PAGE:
India Passes Bill to Accelerate Industrial Clean Energy Adoption, Ban Export of Carbon Credits
India’s parliament passed the Energy Conservation Amendment Bill 2022, enabling a series of moves by the government to regulate and mandate the transition from fossil-based energy to clean and renewable sources in industry, transportation and buildings.
The legislation also allows for the creation of a carbon market in the country, centralizing the trading of carbon and environmental credits across industries.
Speaking in the parliament during the discussion of the bill, India’s Minister of Power and New & Renewable Energy R. K. Singh indicated that requirements in global markets for increasingly green products is a driving force behind the need for industries to shift to cleaner energy sources, referencing the EU’s announcement that it will apply a carbon tax on imported products that do not meet EU climate standards in their production.
“The European Union has already decided that they will levy a carbon tax on imports of steel which is not green. If we don’t convert our industry, our industry will not be competitive, and it will not be able to sell in the foreign market.
“The future is going to be green products.”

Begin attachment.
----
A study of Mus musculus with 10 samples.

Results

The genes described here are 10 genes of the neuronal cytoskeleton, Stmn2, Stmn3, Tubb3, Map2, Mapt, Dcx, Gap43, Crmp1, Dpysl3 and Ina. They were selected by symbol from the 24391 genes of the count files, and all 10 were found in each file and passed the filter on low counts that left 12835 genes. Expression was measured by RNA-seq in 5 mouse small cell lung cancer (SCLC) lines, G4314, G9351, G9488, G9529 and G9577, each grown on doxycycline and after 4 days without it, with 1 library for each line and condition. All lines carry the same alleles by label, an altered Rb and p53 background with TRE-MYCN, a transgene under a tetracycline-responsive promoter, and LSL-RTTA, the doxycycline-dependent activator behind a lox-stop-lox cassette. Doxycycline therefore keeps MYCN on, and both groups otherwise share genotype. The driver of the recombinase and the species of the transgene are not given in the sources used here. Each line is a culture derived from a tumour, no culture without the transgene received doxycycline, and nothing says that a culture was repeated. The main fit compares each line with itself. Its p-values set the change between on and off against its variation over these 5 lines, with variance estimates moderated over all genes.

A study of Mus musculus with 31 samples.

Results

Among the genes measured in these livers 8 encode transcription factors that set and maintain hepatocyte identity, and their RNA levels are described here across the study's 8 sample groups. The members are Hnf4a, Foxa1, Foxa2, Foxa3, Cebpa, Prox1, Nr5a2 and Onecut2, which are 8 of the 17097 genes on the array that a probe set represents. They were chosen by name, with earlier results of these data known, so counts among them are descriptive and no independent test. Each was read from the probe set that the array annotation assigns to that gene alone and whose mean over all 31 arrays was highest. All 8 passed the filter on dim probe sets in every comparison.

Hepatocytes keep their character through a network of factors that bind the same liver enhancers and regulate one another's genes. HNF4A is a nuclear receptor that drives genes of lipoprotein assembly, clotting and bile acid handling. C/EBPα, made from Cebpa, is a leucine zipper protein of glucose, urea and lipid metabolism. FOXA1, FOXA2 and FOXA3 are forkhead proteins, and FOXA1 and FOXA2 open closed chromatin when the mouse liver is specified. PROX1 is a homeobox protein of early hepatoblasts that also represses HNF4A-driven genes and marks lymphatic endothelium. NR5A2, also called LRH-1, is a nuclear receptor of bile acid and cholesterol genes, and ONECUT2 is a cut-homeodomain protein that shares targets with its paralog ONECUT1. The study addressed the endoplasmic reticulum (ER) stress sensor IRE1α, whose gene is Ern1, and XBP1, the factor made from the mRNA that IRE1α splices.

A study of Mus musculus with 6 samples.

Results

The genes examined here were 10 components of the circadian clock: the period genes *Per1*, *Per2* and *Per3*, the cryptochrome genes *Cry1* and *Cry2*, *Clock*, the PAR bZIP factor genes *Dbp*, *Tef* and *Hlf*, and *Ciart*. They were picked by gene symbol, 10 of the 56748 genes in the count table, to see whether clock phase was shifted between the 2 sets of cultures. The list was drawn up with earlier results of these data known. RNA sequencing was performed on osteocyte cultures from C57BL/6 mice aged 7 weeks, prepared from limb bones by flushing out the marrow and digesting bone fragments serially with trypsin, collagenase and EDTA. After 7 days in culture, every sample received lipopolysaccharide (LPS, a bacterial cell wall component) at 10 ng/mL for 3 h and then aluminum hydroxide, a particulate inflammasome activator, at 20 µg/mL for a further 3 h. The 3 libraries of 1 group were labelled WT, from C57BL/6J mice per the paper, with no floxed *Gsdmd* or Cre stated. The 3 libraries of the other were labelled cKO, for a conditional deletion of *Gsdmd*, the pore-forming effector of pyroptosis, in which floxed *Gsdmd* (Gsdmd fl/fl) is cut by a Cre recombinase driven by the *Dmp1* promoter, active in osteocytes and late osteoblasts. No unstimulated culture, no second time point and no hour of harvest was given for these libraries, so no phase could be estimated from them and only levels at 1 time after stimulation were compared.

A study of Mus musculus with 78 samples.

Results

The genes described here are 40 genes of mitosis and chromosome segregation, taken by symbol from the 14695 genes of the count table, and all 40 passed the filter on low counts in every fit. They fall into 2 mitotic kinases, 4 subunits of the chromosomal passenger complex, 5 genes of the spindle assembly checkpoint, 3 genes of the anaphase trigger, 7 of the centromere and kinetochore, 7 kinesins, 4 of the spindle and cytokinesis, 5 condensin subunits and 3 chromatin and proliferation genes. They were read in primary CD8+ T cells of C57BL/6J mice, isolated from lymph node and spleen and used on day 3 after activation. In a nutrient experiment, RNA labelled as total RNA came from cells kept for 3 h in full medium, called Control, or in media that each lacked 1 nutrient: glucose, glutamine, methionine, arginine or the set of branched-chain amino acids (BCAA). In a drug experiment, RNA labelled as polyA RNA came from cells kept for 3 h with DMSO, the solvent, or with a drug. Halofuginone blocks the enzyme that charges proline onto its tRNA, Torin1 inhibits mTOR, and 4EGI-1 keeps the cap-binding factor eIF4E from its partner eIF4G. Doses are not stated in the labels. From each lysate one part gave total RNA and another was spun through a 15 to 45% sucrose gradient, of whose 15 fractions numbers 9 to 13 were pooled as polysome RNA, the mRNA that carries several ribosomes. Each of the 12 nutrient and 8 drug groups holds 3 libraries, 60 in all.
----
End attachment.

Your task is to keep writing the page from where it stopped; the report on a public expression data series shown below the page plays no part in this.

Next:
The minister also said that the legislation will advance the country’s goal to shift from a net importer of energy to a net exporter, supporting the development of new energy sources such as green hydrogen and ammonia. Earlier this year the Ministry of Power launched a series of initiatives aimed at ramping the country’s green hydrogen production to 5 million tonnes by 2030.
“We can emerge as the global supplier for green hydrogen and green ammonia. That is going to be the future.”
Key features of the bill include provisions enabling the central government to set a minimum share of energy consumption from non-fossil sources for organizations in industries including mining, steel, cement, textile, chemicals, and petrochemicals, transport sectors including railways, and commercial buildings. The bill also allows the government to set requirements for buildings encompassing energy efficiency, conservation and renewable energy use, and extends the scope of the law to large residential buildings.
The bill also enables the establishment of a domestic carbon market, with the central government or an authorized agency issuing carbon credit certificates, with entities able to sell credits if they exceed their minimum energy efficiency or clean energy thresholds, or buy credits to cover requirements that they haven’t yet achieved. The bill effectively consolidates and centralizes India’s current energy efficiency and renewable energy offset systems.
Singh said that the export of carbon credits will not be allowed until India meets its 2030 climate commitments under the country’s Nationally Determined Contribution (NDC), which include reducing emissions intensity by 45% and transitioning to approximately 50% electric power from non-fossil-based sources.
“So long as we do not meet these commitments, we shall not allow any export of carbon credits. These credits will have to be bought by domestic industries and generated by domestic industries.”